Come to Mama. I would totally wear that top too.
So needless to say, THIS wasn't cutting it:
The pre-renovation budget totally allowed for shiny new cabinetry, unicorns and dreams. And then we started the work, and said buh-bye to all that!
So I had to get creative. Inspired by Young House Love's instructions for how to paint your cabinetry, I decided that this would be the way to go. I couldn't find a project tutorial that was exactly like the one I was undertaking, so really this was an exercise in DIY optimism. Most tutorials show cabinets going from really dark to really light, include hardware, and don't account for this two-tone trim business that we had. Plus, I knew we were painting MDF plywood (aka particle board), not real wood which is another factor to take in.
The Yankee removed the cabinet fronts and labeled them on the back so he would be able to put each front back where it belonged.
I wonder how many Nike Fuel Points he earned as a result of this project.
wiped down every surface with a rag drank a Bud Light while dragging the fronts outside. There, I propped them along the fence and on cement blocks on plastic painter's drop cloths to protect the brick underneath from paint. Of course I ended up getting paint on the brick. Did some research and it looks like this aptly-named Goof Off remover will remove it. I started by very lightly sanding the front panels and the base. Then used an oil-based primer to put a thin coat of primer on both the brown trim and the panels themselves. The panels had a slight grain fake texture to them, so I used a high-quality brush following the grain.
I put two very thin coats of Olympic paint in Snow Storm in Satin finish. From what I was reading on the Internets, you want to avoid glossy finishes that will show mistakes more. Snow Storm is white, but it has just the slightest tinge of grey. I thought this would avoid looking too stark against the white wall:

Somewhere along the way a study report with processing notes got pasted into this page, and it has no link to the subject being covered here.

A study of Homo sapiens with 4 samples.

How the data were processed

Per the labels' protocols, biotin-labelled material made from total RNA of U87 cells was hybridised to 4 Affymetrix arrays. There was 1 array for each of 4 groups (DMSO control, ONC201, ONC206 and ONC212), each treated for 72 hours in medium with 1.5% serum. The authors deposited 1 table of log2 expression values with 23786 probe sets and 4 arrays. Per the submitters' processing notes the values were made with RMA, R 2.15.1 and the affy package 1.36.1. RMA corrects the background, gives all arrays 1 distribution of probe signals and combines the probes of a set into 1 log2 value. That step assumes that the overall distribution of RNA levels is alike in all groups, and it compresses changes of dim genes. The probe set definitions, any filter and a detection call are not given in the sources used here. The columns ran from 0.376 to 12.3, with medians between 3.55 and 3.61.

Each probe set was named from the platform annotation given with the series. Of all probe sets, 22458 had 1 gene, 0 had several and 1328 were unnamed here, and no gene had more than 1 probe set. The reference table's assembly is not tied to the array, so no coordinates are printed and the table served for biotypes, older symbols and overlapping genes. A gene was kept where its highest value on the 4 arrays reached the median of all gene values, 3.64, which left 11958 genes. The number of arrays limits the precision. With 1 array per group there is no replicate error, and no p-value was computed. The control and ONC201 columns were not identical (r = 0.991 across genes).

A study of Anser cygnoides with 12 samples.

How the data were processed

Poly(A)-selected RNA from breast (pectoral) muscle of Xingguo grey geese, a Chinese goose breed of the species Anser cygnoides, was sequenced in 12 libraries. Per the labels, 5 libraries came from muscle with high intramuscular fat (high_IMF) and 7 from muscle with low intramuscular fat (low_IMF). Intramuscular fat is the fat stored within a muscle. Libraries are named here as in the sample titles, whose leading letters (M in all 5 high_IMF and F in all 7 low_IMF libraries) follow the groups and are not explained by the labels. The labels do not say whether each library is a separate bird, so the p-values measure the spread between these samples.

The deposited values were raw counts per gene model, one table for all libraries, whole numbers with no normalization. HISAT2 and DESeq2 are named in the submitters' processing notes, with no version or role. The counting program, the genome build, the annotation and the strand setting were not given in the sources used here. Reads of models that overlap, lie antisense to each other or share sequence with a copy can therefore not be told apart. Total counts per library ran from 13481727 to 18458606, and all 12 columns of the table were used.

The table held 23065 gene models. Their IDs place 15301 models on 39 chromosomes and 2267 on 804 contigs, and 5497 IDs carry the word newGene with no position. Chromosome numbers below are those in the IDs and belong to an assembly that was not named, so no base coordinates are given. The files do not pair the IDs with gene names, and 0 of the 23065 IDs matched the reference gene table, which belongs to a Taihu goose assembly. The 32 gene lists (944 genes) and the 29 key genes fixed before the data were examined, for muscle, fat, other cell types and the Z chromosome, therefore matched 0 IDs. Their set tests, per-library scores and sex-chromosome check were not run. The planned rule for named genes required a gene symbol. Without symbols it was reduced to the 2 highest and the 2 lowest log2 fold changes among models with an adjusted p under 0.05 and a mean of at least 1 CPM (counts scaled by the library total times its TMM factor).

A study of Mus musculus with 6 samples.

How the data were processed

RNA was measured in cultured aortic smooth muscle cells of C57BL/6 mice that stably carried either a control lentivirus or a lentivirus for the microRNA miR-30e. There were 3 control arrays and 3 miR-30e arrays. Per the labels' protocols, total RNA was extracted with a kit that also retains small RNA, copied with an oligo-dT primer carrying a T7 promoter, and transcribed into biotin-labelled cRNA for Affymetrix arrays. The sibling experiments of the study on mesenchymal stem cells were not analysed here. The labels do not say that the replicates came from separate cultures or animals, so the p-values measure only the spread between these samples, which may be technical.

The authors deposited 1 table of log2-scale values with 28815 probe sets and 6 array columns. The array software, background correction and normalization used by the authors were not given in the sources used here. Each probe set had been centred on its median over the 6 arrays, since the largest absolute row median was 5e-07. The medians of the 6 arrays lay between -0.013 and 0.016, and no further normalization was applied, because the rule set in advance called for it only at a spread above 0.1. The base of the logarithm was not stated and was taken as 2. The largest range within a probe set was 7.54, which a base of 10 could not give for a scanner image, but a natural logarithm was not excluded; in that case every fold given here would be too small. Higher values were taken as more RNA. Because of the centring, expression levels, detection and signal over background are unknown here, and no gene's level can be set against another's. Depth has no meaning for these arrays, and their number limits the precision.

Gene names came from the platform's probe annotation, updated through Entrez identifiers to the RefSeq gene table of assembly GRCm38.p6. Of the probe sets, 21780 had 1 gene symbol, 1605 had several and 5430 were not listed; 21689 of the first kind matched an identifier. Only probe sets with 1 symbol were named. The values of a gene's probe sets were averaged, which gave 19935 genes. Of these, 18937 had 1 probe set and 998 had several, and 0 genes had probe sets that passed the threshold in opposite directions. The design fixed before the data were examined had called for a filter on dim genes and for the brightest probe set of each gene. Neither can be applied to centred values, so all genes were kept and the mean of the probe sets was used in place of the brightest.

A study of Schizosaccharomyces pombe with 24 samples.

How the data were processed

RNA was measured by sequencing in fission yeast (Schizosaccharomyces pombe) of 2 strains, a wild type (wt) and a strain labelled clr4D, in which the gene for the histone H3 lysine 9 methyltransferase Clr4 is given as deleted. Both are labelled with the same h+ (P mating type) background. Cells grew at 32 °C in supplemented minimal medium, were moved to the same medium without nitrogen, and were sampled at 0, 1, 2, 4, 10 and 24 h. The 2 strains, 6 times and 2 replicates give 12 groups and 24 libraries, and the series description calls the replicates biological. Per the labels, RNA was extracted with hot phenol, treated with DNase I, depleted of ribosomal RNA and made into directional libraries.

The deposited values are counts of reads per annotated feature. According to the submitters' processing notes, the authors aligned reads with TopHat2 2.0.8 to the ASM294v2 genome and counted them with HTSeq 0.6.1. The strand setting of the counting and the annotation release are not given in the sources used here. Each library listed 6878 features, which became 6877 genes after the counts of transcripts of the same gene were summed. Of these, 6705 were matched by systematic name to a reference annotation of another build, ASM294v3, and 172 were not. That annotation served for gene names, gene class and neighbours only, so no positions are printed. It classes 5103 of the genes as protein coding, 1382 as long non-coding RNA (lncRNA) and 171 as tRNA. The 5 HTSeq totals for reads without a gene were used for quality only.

In the meantime, we primed and painted the bases of the cabinets which was a huge pain because due to the timing of the painting and flooring, we could only do this project until after the butcher block countertop had already been installed! So we had to cover up the countertop and attempt to attach painter's tape around the edge which wouldn't stick for anything. Luckily, we only ended up getting paint in the sink and not on the countertop! We used painter's tape to protect the inside edges of the cabinets, and just basically prayed that we wouldn't get paint anywhere else. At least that worked!
We let it dry overnight, and voila:
The only issue we have with them is that because there's no hardware, the cabinets themselves are slightly tacky/sticky when opening and closing. I also didn't want to bother with the back of the doors, and thought I could just be really careful painting the fronts. There are some drips on some of the cabinets backs. I am sure some hardware and painting the backs would greatly help, but y'all, I am exhausted and there's white wine to drink.
We are still planning a fun project for the unpainted backsplash - more to come. We also need to get covers for the light switches and generally organize things. I am beginning to find that home ownership is a never-ending to-do list.
Have you ever had a project work out really well? Or more interestingly, be a total disaster?